Pete De Toro is a gregarious, self-assured cybersecurity expert who has worked 16 seasons as a Bella Vista High School assistant football coach.
But when he glances at new Broncos head coach Tom Ingles, he can't help but harken back 35 years to his days as a rudderless 15-year-old in a new town and state.
Ingles helped set De Toro on the right course.
He coached De Toro in football and basketball at Liberty High School, a newly opened school in Renton, Wash. But Ingles offered the Southern California transplant a lot more than how to tackle and rebound.
"I grew up without a father, so he was like a father to me," De Toro said. "He had a huge influence on my life as far as how to treat people, work ethic and giving back. Even then, I knew I was playing for someone special."
Many of the players on this year's Bella Vista football team are starting to realize the same thing.
While junior quarterback Austin Harmer already knew Ingles is in the Washington State Coaches Association Hall of Fame with an impeccable record of success, he was shocked last spring when the 63-year-old Ingles wanted to meet individually with him, something he would do with every Bella Vista player.
"I've never had a coach do that before," Harmer said. "I got the sense right away that he wants to know more about you as a person than just as a football player. He's unlike any coach I have ever had."
Senior running back Joe Anderson is used to coaches yelling and screaming to get attention. Ingles has a different approach.
"What stands out to me is his calm tone," Anderson said. "Even when you know he's upset with you, he remains calm."
They appreciate his patience, attention to detail, sense of humor, magnetic storytelling and throwback conditioning drills.
"We're working harder than ever, and yet it doesn't seem like hard work, even though it's exhausting," Harmer said.
Ingles coached varsity football for 33 seasons in Washington, winning 248 games and three state championships.
He moved to Woodland to join his wife, Zena, who works as a junior high principal in Davis. Ingles had stayed in Washington to provide end-of-life care for his parents.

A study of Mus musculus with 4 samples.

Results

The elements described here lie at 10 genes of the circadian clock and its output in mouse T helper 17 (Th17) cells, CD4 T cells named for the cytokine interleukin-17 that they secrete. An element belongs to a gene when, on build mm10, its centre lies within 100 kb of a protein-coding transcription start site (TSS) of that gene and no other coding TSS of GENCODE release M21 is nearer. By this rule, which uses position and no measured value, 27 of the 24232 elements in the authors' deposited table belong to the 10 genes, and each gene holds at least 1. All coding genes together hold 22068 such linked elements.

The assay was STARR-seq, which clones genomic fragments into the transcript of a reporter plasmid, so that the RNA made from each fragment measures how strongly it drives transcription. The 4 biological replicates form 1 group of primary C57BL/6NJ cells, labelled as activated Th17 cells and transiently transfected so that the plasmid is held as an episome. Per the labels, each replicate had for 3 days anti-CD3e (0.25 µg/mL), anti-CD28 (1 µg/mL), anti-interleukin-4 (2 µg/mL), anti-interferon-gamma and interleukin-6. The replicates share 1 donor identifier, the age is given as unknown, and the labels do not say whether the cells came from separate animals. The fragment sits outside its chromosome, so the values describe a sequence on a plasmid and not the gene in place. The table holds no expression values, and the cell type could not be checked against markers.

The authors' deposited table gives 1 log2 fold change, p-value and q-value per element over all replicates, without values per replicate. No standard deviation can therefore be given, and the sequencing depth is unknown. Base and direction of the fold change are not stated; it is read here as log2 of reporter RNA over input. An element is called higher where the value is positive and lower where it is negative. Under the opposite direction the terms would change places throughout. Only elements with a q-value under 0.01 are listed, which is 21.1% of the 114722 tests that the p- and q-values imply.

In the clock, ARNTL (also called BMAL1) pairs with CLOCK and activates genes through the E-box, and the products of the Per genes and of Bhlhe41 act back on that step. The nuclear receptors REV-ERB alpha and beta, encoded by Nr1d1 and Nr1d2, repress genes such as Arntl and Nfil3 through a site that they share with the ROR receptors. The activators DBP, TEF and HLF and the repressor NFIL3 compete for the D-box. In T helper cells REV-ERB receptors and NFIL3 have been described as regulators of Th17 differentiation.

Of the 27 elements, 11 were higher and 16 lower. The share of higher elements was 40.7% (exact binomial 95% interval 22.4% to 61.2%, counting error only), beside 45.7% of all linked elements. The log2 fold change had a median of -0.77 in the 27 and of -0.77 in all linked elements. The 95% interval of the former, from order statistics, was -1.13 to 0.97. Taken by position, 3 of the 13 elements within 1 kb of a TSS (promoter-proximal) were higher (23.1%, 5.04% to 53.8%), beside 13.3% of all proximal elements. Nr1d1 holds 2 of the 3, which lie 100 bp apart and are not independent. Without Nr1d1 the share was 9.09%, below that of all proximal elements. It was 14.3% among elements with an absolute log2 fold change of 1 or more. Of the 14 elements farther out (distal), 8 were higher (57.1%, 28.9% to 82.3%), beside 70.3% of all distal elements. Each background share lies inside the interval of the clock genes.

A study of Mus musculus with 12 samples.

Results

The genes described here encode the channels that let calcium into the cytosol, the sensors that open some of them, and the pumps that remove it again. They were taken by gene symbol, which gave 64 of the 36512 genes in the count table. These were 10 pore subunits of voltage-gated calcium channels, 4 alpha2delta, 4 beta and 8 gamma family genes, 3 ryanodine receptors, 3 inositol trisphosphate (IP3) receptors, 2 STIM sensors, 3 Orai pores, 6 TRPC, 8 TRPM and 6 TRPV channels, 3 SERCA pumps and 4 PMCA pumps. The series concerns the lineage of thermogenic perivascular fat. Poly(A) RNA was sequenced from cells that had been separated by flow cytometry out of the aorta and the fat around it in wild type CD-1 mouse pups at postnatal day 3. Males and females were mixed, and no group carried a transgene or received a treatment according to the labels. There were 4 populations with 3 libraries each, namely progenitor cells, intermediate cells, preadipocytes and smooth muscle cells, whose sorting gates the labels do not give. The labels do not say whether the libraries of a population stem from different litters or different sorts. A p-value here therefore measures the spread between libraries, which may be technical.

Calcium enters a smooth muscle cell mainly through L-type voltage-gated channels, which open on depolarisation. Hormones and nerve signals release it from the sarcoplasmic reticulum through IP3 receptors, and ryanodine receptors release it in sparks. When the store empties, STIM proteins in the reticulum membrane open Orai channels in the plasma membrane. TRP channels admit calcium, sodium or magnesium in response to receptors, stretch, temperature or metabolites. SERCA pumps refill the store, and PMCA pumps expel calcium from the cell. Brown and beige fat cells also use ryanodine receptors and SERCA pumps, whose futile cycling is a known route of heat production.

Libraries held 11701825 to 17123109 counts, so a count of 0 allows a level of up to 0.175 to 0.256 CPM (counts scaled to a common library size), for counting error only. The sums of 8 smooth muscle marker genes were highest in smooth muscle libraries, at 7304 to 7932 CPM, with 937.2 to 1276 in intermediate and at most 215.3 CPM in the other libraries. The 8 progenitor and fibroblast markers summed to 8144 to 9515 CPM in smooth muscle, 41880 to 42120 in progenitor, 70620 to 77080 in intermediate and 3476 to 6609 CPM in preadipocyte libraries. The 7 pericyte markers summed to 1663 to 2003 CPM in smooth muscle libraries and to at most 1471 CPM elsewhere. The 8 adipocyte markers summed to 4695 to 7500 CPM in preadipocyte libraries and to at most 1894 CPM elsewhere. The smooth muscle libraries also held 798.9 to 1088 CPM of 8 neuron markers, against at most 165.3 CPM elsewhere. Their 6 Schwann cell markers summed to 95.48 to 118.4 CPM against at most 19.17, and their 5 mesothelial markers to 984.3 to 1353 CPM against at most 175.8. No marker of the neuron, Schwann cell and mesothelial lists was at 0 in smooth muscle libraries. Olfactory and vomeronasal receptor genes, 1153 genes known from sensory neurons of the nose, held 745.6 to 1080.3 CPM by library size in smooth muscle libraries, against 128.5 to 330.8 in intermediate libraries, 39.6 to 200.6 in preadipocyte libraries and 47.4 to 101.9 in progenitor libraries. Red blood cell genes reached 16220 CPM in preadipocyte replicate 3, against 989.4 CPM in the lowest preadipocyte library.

"At first, I didn't miss coaching," said Ingles, who last coached at Puyallup High in 2009. "I was so busy with the move down here. But after a while my wife told me I needed to find something to do. It wasn't exactly an ultimatum, but I was missing football."
Ingles had seen Bella Vista play a couple of times and through De Toro had gotten to know then-head coach Matt Polston and some of the players. When Polston stepped down at the end of the 2011 season, Ingles applied and was hired.
"When I learned he got the job, I was excited for BV and the kids," said De Toro, also an assistant boys basketball coach at Bella Vista. "Someone with his quality and credentials doesn't come along every day. That I get to share this coaching experience with him, I have to pinch myself."
Ingles' goals are simple. Elevate the football program to the level of championship caliber established by the boys' soccer, basketball and baseball teams on campus.
Bella Vista finished 3-7 last season (0-5 in the Capital Valley Conference). The Broncos have been to the playoffs just once in the past eight years, so Ingles isn't predicting any miracles.
"There is some really good high school football here," Ingles said. "I've been weeding through film of our league rivals, and from what I've seen so far, we've got our work cut out for us. It takes awhile to put a program into place."
Ingles also is trying to adjust to the football culture shock.
He's amazed at how much parental fundraising and booster support is required at Bella Vista compared to his days in Washington; the contrast in the quality of the facilities; and how close schools are to one another geographically thwarting the concept of school loyalty.
"The financing is very different," Ingles said. "In Washington, (student body) fees pay for everything. Here, you have parents cutting the grass, washing the uniforms, raising money for coaching stipends.
"Up there, we had two Astro-turf fields, and we never played on grass (Bella Vista's stadium has a grass field). So that's going to be a big change."
Bella Vista has played in the shadows of neighboring powerhouse league rivals Del Campo and Casa Roble, which are within 10 minutes of the Fair Oaks school.
"In Washington, the schools are so geographically spread out that kids grow up wanting to play for their neighborhood schools," Ingles said. "You knew if a kid came to your school as a ninth-grader, you'd have him until he was a senior."
Ingles' biggest personal adjustment has been acclimating to the summer heat. He's drinking copious amounts of water as the thermometer has hovered around 100 degrees since practice started Aug. 6.
"The heat is a dramatic change for me," Ingles said during another steamy practice. "I bring out six, 20-ounce waters and drink them all.
"In Washington, I'd drink water maybe once during a practice. But 80 degrees up there would be a really hot day."